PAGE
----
In 1900, the International Time Recording Company was established in New York. They had improved on a device that was developed about a decade earlier called the timeclock. It was a device made to record the start and end times for hourly employees. We have been watching the clock ever since.
ITRC’s device was called the Time Recorder, and when an employee slipped a preformatted piece of cardboard into the machine, it would punch a hole through it that indicated the exact moment the punch had taken place. (The punchcard as a device to record data was also a recent creation, first widely used in the US Census just a few years earlier.
The breakthrough with this device was to combine that punchcard and the mechanical clock into one seamless mechanism (that also was tamper resistant). The company that purchased the International Time Recording Company and also The Computing-Tabulating-Recording Company (the company responsible for the punchcard data collection during the 1890 US Census) was none other than The International Business Machines Corp (IBM).
Fast forward a few years and the practice of marking time onto documents expands to all kinds of applications. From post office post-dating, to marking time on the execution of legal documents, to recording the minutes of business meetings. Over the decades new gadgets were developed to do these tasks in a more convenient way, most notably with the Time Stamp. A literal rubber stamp with an integrated clock output into the stamping block.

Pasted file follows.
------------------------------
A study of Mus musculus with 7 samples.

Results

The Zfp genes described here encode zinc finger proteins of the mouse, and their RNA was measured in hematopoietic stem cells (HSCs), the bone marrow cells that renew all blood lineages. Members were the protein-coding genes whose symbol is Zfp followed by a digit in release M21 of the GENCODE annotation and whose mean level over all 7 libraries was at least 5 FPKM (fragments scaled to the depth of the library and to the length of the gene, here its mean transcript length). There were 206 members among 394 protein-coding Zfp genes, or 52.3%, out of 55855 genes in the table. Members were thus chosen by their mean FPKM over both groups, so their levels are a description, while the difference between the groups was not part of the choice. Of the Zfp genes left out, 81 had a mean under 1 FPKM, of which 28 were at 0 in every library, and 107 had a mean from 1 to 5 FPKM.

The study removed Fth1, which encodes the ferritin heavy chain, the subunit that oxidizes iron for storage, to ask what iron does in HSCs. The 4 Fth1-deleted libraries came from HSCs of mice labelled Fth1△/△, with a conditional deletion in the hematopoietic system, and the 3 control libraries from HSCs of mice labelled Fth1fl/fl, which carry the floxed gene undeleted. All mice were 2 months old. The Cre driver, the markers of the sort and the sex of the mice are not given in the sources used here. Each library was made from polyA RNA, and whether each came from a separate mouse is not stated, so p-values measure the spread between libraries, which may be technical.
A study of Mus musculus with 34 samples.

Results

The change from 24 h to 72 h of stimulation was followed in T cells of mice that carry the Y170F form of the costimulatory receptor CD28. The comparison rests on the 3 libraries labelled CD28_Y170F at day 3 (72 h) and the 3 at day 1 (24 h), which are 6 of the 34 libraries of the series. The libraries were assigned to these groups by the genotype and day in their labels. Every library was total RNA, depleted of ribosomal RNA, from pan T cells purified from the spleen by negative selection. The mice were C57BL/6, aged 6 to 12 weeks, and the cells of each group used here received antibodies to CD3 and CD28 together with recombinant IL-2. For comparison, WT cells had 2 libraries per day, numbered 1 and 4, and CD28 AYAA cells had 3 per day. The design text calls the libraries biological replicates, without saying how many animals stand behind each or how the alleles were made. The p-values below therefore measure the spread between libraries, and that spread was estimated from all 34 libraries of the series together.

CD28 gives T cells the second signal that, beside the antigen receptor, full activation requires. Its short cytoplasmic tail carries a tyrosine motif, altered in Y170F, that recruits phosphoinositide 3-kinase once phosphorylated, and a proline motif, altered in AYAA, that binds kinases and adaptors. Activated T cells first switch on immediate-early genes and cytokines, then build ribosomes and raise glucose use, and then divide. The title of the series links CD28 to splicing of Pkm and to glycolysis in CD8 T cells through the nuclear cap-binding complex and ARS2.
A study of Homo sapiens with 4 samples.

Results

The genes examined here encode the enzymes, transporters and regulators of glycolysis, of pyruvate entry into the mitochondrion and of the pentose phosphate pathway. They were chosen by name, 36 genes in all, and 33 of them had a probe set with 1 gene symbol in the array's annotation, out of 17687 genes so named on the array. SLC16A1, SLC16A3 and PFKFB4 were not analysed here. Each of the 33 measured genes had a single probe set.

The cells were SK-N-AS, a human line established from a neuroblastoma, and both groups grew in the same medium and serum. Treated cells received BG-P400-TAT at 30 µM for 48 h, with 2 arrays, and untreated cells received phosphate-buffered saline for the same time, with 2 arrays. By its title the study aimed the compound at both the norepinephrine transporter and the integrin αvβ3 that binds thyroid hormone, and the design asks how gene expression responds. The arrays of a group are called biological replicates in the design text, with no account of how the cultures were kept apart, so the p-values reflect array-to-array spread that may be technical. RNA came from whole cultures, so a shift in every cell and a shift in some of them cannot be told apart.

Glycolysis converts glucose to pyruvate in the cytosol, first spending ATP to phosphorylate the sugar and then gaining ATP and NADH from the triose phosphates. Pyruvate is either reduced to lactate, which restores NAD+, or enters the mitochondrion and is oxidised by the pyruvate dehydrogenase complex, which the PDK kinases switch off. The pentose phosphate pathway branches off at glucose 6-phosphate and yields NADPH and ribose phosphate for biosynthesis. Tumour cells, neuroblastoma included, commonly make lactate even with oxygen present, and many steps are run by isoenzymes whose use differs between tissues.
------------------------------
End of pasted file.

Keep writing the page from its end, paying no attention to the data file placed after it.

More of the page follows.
In modern times we tend to balk at the idea of paperwork, but the need for keeping accurate timestamped records has only expanded further. Beyond simply keeping records, most computer systems rely on accurate time keeping to execute critical system functions. The term timestamping is still used to to refer to these actions today. For decades computer systems have synchronized to Unix Time, which started on January 1, 1970. Unix time slices every day into 86,400 seconds and at the time of writing this post 1604891649 seconds have occurred in the Unix Epoch (the amount of seconds since 00:00:00 UTC Jan 1, 1970). When we use a digital timestamp now, the current Unix time (the amount of seconds since the clock started) will be the returned value (reformatted for more conventional translation).
Unix time isn’t actually a time though. At least not in the way GMT and other timekeeping standards are “times”. It’s just another device for recording the passage of time. In this case, it is simply software mechanism for counting the amount of seconds that have passed. Based on that simple task, we can build bigger and more complicated tasks. If the foundational framework of logical systems is consistent, we can expect accurate, predictable, and (most importantly) repeatable results.
It’s so cool to know that almost all of the world’s computer systems all take their cues from the same place. I don’t know about everyone else, but I love the fact that every second has been accounted for. Even if we haven’t always been paying attention to the passage of time, our machines have. Before I’d ever heard of the Time Recorder or the timestamp I’ve done my own version of this same practice. Using a modified camera I can make photographic images of quite long periods of time. Anywhere from 1–5 mins to months, potentially even longer. I’m just another in a long line of people who trying to find new ways to mark the passage of time.